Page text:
The public have more interest in the punishment of an injury than he who receives it.
The perfection of a thing consists in its essence; there are perfect criminals, as there are men of perfect probity.
Every instance of a man's suffering the penalty of the law is an instance of the failure of that penalty in effecting its purpose, which is to deter.
The penalty for laughing in a courtroom is six months in jail; if it were not for this penalty, the jury would never hear the evidence.
We have initiated programs for re-entry offenders, since some 500,000 to 600,000 offenders will come out of prison each year for the next three or four years. We want to have positive alternatives when they come back to the community.
Fear can be like a prison. It is, however, a self made prison. Many are imprisoned by fear. No one else can liberate them from this prison. Others may inspire them but they must liberate themselves.
Whatever you think of de Sade, he was a complex figure and we should not look for easy answers with him. He was, strangely perhaps, against the death penalty, and he was never put in prison for murders or anything like that.
I can tell you this on a stack of Bibles: prisons are archaic, brutal, unregenerative, overcrowded hell holes where the inmates are treated like animals with absolutely not one humane thought given to what they are going to do once they are released. You're an animal in a cage and you're treated like one.
Before we can diminish our sufferings from the ill-controlled aggressive assaults of fellow citizens, we must renounce the philosophy of punishment, the obsolete, vengeful penal attitude. In its place we would seek a comprehensive, constructive social attitude - therapeutic in some instances, restraining in some instances, but preventive in its total social impact. In the last analysis this becomes a question of personal morals and values. No matter how glorified or how piously disguised, vengeance as a human motive must be personally repudiated by each and every one of us.
There are dreadful punishments enacted against thieves; but it were much better to make such good provisions, by which every man might be put in a method how to live, and so to be preserved from the fatal necessity of stealing and dying for it.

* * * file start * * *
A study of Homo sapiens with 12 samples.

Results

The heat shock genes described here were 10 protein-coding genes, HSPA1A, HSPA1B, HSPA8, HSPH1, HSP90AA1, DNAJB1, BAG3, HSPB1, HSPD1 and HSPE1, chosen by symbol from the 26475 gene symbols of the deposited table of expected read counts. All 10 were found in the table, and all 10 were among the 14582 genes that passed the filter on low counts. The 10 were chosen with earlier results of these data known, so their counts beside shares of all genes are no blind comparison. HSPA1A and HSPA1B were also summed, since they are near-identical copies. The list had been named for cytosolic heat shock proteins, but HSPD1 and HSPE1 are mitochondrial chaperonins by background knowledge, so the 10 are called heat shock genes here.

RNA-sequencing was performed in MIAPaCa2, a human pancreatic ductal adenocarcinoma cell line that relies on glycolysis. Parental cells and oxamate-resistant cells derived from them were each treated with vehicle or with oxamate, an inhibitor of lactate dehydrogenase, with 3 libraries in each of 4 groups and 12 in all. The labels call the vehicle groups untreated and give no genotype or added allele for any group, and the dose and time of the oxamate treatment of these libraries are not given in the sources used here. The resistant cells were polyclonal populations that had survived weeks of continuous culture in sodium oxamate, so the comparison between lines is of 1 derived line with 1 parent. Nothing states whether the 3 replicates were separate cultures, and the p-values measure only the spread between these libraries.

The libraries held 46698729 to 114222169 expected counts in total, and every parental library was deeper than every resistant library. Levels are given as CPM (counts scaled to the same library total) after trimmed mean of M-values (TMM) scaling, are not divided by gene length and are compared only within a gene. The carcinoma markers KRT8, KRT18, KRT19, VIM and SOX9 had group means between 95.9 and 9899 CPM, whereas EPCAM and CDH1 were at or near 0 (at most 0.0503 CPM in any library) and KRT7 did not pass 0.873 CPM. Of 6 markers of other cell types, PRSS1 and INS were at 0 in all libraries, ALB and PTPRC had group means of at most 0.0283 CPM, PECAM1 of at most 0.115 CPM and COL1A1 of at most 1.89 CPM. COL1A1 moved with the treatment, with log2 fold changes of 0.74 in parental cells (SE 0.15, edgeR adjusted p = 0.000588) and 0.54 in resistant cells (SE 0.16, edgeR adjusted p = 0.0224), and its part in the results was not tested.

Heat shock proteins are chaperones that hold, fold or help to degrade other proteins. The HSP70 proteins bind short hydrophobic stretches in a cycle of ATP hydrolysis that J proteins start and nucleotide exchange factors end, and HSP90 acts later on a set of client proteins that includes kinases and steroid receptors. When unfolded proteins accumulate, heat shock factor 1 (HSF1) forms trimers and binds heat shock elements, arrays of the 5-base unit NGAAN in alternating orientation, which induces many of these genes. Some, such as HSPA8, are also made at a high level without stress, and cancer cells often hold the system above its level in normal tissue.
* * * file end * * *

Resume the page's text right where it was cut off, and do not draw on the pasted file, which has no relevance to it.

Prison continues, on those who are entrusted to it, a work begun elsewhere, which the whole of society pursues on each individual through innumerable mechanisms of discipline.
He was a first-time nonviolent possible offender, ... And under the mandatory minimums, he was put in prison for 15 years. Not only does the punishment not fit the crime, but the mandatory minimums don't give judges any discretion to look at the background of the case, to read into the specifics of the case. I don't know a judge who really is in favor of the mandatory minimums.
What restrains us from killing is partly fear of punishment, partly moral scruple, and partly what may be described as a sense of humor.
It is better that ten guilty persons escape, than that one innocent suffer.
Justice is that virtue of the soul which is distributive according to desert.
Our task must be to free ourselves from this prison by widening our circles of compassion to embrace all living creatures and the whole of nature in its beauty.
I have paid no poll-tax for six years. I was put into a jail once on this account, for one night; and, as I stood considering the walls of solid stone, I could not help being struck with the foolishness of that institution which treated me as if I were mere flesh and blood and bones, to be locked up...I saw that, if there was a wall of stone between me and my townsmen, there was a still more difficult one to climb or break through, before they could get to be as free as I was. I did not for a moment feel confined, and the walls seemed a great waste of stone and mortar.